I have no familiarity whatsoever with D.H. Lawrence’s classic novel of the same name, Lady Chatterley’s Lover, but IMDB tells me that the material has certainly already seen its fair share of cinematic adaptations. However, I do believe this version is quite notable in that director Laure de Clermont-Tonnerre approaches the timeless story through a female perspective. Sure, the material is still written by a man (in this case, David Magee of Finding Neverland and Life of Pi pens the script), but going the extra mile in portraying the female gaze adds an impressive shift in focus. It also helps that leads Emma Corrin and Jack O’Connell have sexual chemistry with one another that simmers and explodes with passion.
As our story begins, Connie (Emma Corrin, My Policeman) has officially just become Lady Chatterley. Freshly married to the sweet Clifford (Matthew Duckett), Connie prepares for a new life away at Wragby in their new home. She constantly writes to her sister Hilda back home. Clifford promises to write to Connie while off at war. When he eventually returns to her after an injury, their relationship becomes a bit complicated. Clifford is partially crippled, in need of serious constant aide that he only permits Connie to execute. Furthermore, he cannot perform sexually. However, their family is expecting an heir, and somehow getting one becomes crucial for Clifford. There are certain expectations that must be met—if he cannot give her a child, Clifford must allow another. He tells Connie that he doesn’t mind who she sleeps with, but he does not want to know about it.
They hire several new faces to help out around the grounds of Wragby. A new maid and gamekeeper are brought on. Oliver (O’Connell, Skins, Little Fish), a war vet whose own wife slept with others while he was dispatched, is left in charge of a hut where he breeds chicks. A casual glance and an unexpected visit to his hut ends with Connie picking a fresh batch of flowers at Oliver’s insistence. Before one can say “meet cute,” Connie requests a key to this getaway that Oliver claims he sometimes locks. It only takes a few more visits to the peace of the hut for Connie to fall entirely under Oliver’s spell. Translation: they engage in a fiery love affair.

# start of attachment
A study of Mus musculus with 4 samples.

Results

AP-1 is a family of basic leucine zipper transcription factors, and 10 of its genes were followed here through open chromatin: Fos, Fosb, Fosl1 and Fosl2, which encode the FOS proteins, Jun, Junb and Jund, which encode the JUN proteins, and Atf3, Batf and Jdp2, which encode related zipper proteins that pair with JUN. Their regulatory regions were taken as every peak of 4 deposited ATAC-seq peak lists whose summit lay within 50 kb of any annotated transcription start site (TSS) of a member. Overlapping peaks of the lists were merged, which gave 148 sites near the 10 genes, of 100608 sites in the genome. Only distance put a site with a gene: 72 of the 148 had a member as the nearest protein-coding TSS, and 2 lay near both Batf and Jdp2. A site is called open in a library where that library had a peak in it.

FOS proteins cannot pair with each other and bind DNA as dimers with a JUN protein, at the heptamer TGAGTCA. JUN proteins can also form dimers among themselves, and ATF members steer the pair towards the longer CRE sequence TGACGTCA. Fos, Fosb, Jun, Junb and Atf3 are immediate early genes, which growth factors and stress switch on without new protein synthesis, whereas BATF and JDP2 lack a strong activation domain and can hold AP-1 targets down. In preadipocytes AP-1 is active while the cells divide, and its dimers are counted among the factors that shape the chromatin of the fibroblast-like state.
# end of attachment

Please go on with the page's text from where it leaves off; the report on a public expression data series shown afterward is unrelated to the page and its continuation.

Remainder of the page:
Connie has absolutely no qualms about embracing this new flame. Oliver is afraid of what people may think if they are spotted together. To call this film sexually charged would be an understatement; if this was a theatrical release, I have no doubt it would be rated NC-17. Both Jack O’Connell and Emma Corrin go full frontal, and unabashedly so. One of the film’s most stunning sequences is just the two of them having fun in the rain, laughing and prancing about completely nude.
If the movie may sound too explicit, I simply must insist that Lady Chatterley’s Lover never crosses over into feeling pornographic or exploitative. Both sides of the couple are given equal opportunity attention from the camera. Beyond just the visuals, we really get to know these characters well. Connie is complex enough that through Corrin’s performance, there is a tangible difference between her first scenes with Mr. Chatterley versus the first with gamekeeper Oliver. This isn’t just a relationship ruled by lust, but can it truly stand the test of time? The text explores that facet in a way that really pulled me in.
As far as romance/dramas are concerned, Lady Chatterley’s Lover is definitely one of the best this year. I never thought I would say this, but I was won over by the beautiful, tender core. The desire bleeds out from every frame. I have to imagine this is as close to a live action version of a top tier romance novel as we would ever see. This will, for sure, win over hearts looking to fill the void.
Lady Chatterley’s Lover unfolds its sensual delights exclusively to Netflix subscribers on Friday, December 2nd.